Sudan seeks US help over contentious subsidy reforms
Cuts subsidies for bread and fuel amid existing economic turmoil fuelled the initial protests against former dictator Omar al-Bashir in December 2018.
The prospect of their internationally-recommended removal or reform has become a highly controversial issue for Sudan's transitional government.
Khartoum aims to propose reforms to the subsidy system next month as part of an economic summit between the transitional government and a civilian coalition borne out of the mass protest movement that led to Bashir's overthrow last year.
The transitional government is now in talks with the US to see Citibank enter the country and aid with cash transfers set to replace the current subsidy system, Finance Minister Ibrahim Elbadawi said on Monday.
Commodity subsidies make up 36 percent of Sudan's 2020 budget, Elbadawi said last year.
An earlier proposal for this year's budget - the first by the transitional government - had envisioned the gradual lifting of fuel subisidies but opposition from the Forces for Freedom and Change (FFC) forced the government to back down and postpone reforms until March.
The FFC is an umbrella body for protest leaders, unions, political parties and other civil society bodies that led protest efforts against Bashir and negotiated last year's power-sharing deal with the military.
While bread and fuel subsidies strain the public purse in a country that has around $60 billion in foreign debt, some are reluctant to see cuts, fearing that lower-income Sudanese desperate to see living conditions improve will be punished.
Critics of the subsidy regime argue that the measures will ultimately stifle the Sudanese economy and create supply and distribution problems.
This could lead to black market trade, an argument backed by bread and fuel shortages witnessed in recent days that have seen long queues at shops across Sudan.
The transitional government has also struggled to make progress on healing the debilitated economy due to continuing sanctions related to Sudan's inclusion on the US State Sponsors of Terrorism list.
Elbadawi said on Monday that such sanctions have hampered efforts to prepare smart cards for use in a reform subsidy system, Reuters reported.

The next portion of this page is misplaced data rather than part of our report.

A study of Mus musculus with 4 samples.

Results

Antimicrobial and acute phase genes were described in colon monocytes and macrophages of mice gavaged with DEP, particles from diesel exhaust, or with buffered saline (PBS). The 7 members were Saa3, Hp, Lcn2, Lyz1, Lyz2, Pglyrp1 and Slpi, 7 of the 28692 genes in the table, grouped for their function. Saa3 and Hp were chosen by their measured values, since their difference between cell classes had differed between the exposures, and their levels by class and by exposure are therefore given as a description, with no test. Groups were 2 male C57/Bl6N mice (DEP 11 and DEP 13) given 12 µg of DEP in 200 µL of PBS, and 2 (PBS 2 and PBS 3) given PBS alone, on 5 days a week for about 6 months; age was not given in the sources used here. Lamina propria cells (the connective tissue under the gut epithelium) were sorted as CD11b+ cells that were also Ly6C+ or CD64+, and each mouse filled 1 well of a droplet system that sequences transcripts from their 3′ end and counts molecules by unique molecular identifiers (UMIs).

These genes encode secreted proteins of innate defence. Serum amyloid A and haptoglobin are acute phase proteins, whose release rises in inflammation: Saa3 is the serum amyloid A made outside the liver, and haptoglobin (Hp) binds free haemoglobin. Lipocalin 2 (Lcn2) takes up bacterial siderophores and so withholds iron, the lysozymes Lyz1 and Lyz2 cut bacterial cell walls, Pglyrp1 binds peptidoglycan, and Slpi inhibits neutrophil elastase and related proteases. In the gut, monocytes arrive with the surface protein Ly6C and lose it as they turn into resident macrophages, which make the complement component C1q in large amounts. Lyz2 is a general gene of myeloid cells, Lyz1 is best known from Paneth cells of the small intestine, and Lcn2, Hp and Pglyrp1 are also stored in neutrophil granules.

Although Sudan's "state sponsor of terrorism" designation does not prohibit international banks from involvement in the country, they have been reluctant to resume transfers for that reason, the finance minister added.
Sudan is now in talks with Washington about Citibank entering the country and helping to enable the use of smart and ID cards to manage cash transfers, he told a press conference in Khartoum.
Relations with the US have much improved since the transitional government took power in August last year.
Despite Sudan's inclusion on a recent expansion of the Trump administration's travel ban, Washington has improved ties in recent months, signalling that it will soon exchange ambassadors with Khartoum.
In December, Sudan was removed from the US list of nations that severely violate religious freedoms. Much improvement has also been made in the way of removing Khartoum's terror-sponsor designation with backing from the Gulf states and even Israel.
Khartoum is due to hold an international donor summit last month to attract foreign aid.
Elbadawi said on Monday that the government will also report to the Paris Club of wealthy creditor nations in April to consult over possible mechanisms for forgiving its massive foreign debt.
Thousands of Sudanese are expected to protest across the country on Tuesday.
Demonstrators are calling on the military governors of Sudan's 18 states to resign and give way to civilian replacements, but the protests will also target the government over fuel and bread shortages.
The spotlight has returned to tensions between the civilian and military elements of the transitional government since a secretive meeting between military sovereign council head General Abdel Fattah Al-Burhan and Israeli Prime Minister Benjamin Netanyahu last week.